Hand over Saif Gadhafi, court tells Libya

Saif al-Islam Gadhafi pictured in Libya before his capture.

Story highlights

  • The ICC prosecutor says there may be a chance for Libya to handle the case
  • He is in a "legal black hole," his International Criminal Court-appointed defense says
  • Amnesty International backs the International Criminal Court demand
  • Saif al-Islam Gadhafi must be tried for the Libyan people to get truth, his lawyers say

Libya must make arrangements to hand over Saif al-Islam Gadhafi to the International Criminal Court immediately, court officials said Thursday, complaining that the son of Libya's deposed leader has been mistreated and "physically attacked" since he was captured last year.

Gadhafi is in a "legal black hole," held for 139 days in "total isolation" except for visits from officials, his ICC-appointed defense said in a strongly worded statement.

He also suffers dental pain because he hasn't had treatment, and Libyan authorities have given him nothing to remedy the pain, lawyers Xavier-Jean Keita and Melinda Taylor said.

"At no point have the Libyan authorities been legally justified in their failure to surrender him to the ICC," the lawyers said.

"The brutal death of Moammar Gadhafi deprived the Libyan people of their right to justice, and their right to the truth. It would be a travesty for the prospects of a free and fair Libyan state if the same were to occur to his son," they said.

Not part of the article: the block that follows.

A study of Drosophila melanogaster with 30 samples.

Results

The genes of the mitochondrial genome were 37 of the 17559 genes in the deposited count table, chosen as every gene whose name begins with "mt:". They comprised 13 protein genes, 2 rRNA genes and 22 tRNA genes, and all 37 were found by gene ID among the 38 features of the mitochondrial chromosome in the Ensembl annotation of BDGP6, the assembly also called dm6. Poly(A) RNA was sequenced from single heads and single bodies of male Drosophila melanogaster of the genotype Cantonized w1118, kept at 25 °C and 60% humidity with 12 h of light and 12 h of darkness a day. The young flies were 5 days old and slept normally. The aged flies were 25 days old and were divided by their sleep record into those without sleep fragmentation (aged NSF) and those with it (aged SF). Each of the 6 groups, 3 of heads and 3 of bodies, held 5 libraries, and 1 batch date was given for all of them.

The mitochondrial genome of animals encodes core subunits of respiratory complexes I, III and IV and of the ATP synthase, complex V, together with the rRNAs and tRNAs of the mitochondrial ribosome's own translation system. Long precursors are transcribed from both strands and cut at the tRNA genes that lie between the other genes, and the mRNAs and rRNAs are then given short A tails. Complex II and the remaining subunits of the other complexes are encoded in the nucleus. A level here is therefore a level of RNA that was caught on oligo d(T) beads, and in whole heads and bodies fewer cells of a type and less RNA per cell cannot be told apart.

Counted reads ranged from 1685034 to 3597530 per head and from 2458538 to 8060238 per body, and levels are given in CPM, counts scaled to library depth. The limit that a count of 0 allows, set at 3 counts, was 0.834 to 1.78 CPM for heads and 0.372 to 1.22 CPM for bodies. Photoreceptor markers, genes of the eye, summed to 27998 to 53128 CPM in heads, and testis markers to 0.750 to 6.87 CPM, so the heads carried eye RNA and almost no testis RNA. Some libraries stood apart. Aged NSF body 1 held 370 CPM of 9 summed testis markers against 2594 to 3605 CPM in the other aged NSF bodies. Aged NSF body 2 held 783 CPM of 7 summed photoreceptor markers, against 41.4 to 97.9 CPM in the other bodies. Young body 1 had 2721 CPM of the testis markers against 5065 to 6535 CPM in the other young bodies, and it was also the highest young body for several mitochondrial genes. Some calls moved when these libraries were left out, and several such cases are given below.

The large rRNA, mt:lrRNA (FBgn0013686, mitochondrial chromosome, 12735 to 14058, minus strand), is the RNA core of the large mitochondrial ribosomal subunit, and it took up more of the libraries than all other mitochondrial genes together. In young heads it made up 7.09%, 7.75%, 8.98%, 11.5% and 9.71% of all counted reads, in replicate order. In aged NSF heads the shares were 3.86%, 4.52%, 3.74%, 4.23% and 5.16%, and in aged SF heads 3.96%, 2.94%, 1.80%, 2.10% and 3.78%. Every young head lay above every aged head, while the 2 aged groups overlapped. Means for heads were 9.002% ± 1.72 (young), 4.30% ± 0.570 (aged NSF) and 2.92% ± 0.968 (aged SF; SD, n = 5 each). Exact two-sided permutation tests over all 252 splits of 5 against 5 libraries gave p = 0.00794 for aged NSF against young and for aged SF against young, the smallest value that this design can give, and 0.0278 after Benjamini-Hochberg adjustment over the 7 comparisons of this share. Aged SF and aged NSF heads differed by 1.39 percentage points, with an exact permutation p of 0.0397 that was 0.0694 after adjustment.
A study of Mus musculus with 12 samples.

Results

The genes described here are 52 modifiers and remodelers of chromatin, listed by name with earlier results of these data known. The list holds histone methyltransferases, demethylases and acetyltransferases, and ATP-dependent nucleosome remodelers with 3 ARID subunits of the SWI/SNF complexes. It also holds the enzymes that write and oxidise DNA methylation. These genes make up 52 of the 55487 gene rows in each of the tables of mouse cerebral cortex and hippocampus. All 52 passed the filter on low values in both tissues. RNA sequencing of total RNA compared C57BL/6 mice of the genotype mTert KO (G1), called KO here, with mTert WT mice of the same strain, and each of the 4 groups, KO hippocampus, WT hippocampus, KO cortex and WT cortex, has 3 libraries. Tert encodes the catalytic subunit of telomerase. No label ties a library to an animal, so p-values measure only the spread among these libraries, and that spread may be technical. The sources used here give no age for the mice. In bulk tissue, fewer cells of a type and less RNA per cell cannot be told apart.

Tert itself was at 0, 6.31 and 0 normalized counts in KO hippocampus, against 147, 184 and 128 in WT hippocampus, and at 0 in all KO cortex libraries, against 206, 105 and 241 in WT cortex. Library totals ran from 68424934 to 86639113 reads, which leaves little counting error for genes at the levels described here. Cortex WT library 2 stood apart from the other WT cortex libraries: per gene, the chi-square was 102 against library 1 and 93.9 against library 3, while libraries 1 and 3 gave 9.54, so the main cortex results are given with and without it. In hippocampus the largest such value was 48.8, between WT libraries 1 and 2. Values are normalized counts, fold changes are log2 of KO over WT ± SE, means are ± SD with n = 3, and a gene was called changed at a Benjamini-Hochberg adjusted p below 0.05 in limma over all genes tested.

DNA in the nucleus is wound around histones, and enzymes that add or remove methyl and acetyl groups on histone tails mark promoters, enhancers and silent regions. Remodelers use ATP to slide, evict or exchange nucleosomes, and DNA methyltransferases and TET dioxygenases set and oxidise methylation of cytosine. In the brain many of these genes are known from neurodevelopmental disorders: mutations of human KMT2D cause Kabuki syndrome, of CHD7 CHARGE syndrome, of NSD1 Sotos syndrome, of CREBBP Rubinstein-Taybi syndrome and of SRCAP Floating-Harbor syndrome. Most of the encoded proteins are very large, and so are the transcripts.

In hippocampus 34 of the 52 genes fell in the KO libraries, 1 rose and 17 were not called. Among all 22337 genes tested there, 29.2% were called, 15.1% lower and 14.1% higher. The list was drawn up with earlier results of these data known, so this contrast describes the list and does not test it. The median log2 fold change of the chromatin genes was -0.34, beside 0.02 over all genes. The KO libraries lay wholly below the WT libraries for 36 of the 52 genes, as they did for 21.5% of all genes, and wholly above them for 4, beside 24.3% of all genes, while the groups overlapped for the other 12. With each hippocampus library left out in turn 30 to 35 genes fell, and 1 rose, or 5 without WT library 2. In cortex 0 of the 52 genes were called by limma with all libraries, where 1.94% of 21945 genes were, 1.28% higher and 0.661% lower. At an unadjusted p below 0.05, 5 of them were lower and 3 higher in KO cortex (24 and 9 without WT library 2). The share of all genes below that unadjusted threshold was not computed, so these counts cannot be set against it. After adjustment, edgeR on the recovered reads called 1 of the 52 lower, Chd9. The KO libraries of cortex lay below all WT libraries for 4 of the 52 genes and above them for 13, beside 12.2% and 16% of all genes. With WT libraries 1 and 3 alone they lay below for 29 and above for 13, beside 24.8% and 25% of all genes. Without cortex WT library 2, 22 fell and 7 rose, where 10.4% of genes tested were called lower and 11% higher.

Saif al-Islam Gadhafi was facing an arrest warrant from the ICC for alleged crimes against humanity at the time of his capture, and the court, based at The Hague in the Netherlands, is still seeking to prosecute him.

Domestic authorities told Gadhafi only that he was being investigated in Libya for "trivial allegations" of not having a license for camels and irregularities concerning fish farms, his ICC lawyers said. When the ICC requested that Libya surrender him to the court, Libyan authorities then said they wanted to prosecute Gadhafi for more serious crimes, Keita said.

ICC prosecutor Luis Moreno-Ocampo said it's possible that the court will allow Libya to proceed with its case if the Libyans explain their plans.

"According to the rules, Libya has the primacy to prosecute Saif, so if they present this to the International Criminal Court judges, probably they will get an approval," Moreno-Ocampo said on Thursday. "That's the system. The system is the primacy for the national judges."

Amnesty International called on Libya to hand over Gadhafi at once in light of the ICC statement.

"An unfair trial before a Libyan court where the accused could face the death penalty is no way to guarantee justice and accountability," the rights group said.

Amnesty said Libya did not have a functioning court system and the country was "unable to conduct effective investigations," so "the ICC will be crucial in delivering accountability in Libya."

Saif al-Islam Gadhafi, once his father's heir apparent, was captured in November and has been held in the Libyan city of Zintan since then.

Libya and the ICC have been going back and forth since his capture about where he will be tried.

Human Rights Watch said after visiting Gadhafi in custody last year that he should have a lawyer, but Interior Minister Fawzy Abdilal implied in February that he had not asked for one.

"He may have a lawyer if he asks for a lawyer," the interior minister told CNN in an exclusive interview. "Should Saif demand a lawyer, then a lawyer would be provided."